A booklet we got at the county fair gave me ideas — we could create a shape like a Christmas tree, and make the ornaments out of vegetables.
The booklet had pictures of many fun things using tools I had, and vegetables that were easy to find. Some needed to be cut up and done the night before the party, like radishes, carrot curls, and green onions.
I found a stash of rigid Styrofoam insulation in my husband’s shop, and with his permission, and using two nails plus a length of string, I marked circles, starting with one as big as I could get.
Eventually, all were cut using a hacksaw blade, and stacking them, I had a tiered cone a little taller than three feet. Securing the layers was done with a large tube sock of cheesecloth.
The first time, large lettuce leaves covered the Styrofoam. A long strand of Christmas tree lights wrapped around the tree helped hold the leaves on, and the toothpicks holding the lettuce leaves and lights on gave me the spots to hang cut vegetables.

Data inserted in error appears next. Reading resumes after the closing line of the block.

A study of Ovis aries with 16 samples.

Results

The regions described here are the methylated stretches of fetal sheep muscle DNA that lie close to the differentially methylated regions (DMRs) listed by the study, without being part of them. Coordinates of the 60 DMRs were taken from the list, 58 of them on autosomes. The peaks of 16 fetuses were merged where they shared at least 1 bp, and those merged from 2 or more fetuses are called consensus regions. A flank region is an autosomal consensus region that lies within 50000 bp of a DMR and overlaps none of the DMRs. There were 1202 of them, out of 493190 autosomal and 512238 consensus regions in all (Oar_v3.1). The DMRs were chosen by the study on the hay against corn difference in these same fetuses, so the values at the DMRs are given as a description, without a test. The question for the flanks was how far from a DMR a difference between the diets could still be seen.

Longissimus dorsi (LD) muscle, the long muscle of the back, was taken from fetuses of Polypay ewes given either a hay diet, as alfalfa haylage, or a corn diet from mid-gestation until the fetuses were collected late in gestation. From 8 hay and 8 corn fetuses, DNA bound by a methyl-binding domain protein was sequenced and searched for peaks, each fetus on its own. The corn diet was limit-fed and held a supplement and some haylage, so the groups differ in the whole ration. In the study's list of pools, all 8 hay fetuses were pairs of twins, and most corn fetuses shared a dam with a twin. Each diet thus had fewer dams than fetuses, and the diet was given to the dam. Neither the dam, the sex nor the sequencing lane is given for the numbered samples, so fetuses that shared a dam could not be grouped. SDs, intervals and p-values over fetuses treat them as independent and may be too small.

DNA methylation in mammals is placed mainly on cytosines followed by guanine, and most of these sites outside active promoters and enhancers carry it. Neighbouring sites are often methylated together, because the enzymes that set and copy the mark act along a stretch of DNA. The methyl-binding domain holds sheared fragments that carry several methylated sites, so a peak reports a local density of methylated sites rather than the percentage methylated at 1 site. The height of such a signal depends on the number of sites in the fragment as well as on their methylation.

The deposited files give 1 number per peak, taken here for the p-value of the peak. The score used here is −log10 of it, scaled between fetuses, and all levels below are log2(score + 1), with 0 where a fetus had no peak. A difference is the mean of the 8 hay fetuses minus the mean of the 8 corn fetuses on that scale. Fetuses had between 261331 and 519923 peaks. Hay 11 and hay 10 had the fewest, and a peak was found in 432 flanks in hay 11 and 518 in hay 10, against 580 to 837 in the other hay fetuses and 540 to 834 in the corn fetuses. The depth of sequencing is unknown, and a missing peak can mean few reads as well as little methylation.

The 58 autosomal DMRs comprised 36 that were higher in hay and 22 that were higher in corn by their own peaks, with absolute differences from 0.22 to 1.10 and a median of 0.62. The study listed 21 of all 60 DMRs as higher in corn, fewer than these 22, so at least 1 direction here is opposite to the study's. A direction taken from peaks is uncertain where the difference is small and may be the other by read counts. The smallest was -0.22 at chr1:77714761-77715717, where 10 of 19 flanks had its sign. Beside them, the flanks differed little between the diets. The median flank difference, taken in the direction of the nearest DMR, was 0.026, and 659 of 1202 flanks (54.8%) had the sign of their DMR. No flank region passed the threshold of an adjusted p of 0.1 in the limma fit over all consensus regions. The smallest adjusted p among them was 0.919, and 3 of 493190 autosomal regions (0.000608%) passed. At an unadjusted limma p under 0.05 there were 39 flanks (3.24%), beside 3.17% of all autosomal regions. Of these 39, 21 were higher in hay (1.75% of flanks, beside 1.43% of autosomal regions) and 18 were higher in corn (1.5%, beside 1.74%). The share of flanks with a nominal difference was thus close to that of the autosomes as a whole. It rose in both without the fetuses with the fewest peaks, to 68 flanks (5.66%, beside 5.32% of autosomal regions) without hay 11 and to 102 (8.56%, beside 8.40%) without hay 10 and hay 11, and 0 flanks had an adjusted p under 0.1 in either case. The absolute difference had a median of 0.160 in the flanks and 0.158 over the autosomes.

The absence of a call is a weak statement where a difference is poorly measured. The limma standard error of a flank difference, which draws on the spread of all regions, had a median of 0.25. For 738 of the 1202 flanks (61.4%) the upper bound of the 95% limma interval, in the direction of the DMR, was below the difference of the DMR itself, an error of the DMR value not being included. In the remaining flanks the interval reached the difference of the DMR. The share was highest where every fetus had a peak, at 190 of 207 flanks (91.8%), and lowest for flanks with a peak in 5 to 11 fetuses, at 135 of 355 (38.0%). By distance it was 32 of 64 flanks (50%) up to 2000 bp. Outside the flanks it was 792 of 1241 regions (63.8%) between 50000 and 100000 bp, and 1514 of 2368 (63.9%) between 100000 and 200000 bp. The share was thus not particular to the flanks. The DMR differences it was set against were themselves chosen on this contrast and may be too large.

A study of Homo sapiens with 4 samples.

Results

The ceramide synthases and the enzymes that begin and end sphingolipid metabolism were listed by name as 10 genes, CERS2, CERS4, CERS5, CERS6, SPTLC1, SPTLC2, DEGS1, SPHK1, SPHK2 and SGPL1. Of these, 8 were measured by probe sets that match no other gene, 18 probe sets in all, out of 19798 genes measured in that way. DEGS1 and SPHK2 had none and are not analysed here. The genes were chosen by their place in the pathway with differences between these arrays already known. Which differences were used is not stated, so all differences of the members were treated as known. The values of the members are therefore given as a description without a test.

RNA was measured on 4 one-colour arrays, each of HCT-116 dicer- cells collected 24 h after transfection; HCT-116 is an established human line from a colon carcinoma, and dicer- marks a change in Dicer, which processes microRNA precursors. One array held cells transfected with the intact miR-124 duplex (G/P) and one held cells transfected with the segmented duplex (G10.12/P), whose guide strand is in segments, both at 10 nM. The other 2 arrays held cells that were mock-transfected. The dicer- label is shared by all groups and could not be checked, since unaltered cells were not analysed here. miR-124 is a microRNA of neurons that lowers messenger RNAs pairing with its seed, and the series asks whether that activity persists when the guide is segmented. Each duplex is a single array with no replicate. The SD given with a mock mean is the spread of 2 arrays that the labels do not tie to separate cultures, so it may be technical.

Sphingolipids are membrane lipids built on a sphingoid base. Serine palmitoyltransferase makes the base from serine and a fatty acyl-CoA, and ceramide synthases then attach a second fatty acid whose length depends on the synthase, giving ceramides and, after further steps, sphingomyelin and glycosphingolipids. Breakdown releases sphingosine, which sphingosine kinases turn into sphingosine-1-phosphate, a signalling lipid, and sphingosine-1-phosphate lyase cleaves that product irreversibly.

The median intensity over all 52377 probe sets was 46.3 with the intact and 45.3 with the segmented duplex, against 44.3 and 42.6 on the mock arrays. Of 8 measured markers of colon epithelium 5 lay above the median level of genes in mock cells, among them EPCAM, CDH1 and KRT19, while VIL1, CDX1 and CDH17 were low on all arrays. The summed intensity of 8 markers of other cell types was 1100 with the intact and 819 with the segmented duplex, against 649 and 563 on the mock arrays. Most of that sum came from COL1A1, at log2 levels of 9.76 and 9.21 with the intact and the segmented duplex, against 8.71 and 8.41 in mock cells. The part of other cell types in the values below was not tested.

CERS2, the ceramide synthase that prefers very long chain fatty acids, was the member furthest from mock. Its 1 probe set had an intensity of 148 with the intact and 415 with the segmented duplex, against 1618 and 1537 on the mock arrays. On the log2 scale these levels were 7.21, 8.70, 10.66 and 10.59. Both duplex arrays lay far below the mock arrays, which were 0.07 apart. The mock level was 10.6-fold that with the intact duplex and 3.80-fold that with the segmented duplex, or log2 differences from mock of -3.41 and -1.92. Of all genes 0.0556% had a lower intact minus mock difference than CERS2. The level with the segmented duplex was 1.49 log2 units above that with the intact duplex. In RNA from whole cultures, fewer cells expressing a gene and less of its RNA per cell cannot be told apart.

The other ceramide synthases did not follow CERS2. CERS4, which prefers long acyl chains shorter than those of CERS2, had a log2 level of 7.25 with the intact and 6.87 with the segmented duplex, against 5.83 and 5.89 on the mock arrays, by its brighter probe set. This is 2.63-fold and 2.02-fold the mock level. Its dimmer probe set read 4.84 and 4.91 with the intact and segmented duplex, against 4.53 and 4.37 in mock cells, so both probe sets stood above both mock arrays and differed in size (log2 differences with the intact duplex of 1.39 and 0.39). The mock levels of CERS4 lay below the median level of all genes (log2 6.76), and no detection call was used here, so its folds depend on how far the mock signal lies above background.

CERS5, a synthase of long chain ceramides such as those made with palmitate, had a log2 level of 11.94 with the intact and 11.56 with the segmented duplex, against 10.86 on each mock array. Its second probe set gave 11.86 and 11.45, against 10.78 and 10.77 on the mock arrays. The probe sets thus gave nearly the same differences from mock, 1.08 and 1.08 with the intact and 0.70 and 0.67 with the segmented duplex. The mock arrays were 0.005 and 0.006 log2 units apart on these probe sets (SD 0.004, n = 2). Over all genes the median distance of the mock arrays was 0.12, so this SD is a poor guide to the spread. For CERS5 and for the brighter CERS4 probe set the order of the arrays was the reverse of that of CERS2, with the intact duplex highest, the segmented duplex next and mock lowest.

Then the fun began.
Even in the ‘empty nester’ years, it’s fun to strap on skis or snowshoes for a trek in the snowy wonderland
Upgrading by downsizing
Builder believes tiny homes have large variety of uses
Chocolatier follows her heart
A long and winding road to doing what she loves:
Taking an off-grid break during the pandemic
As the owners of Ravenous Catering located in Monitor, Valarie Gilmour and Dave Toal are usually very busy people, but in 2020 the lack of weddings and large gatherings gave them time to indulge their wanderlust.
Our stories continue: Filling a heart with joy
MY BEST DAY 2020
Joy for both dogs and humans in walking
It's the BEST Day because I live here & I live now
What makes the best day for me? Any day at all that I wake up in the USA.
Hair-raising resolutions for the New Year
New Year’s Eve traditions
Catching up with 4 artists and their creations
It’s always a pleasure talking with artists about their projects, but it’s especially nice to check in after a few years and hear about continuing growth and new directions.
ZOOMING IN ON EAGLES
‘Armed with a Nikon 5600 camera, plus two lenses — a wide-angle and a zoom — I was down at the eagle’s nest for hours at a time. Waiting for the eggs to hatch, watching the parents bring in food.’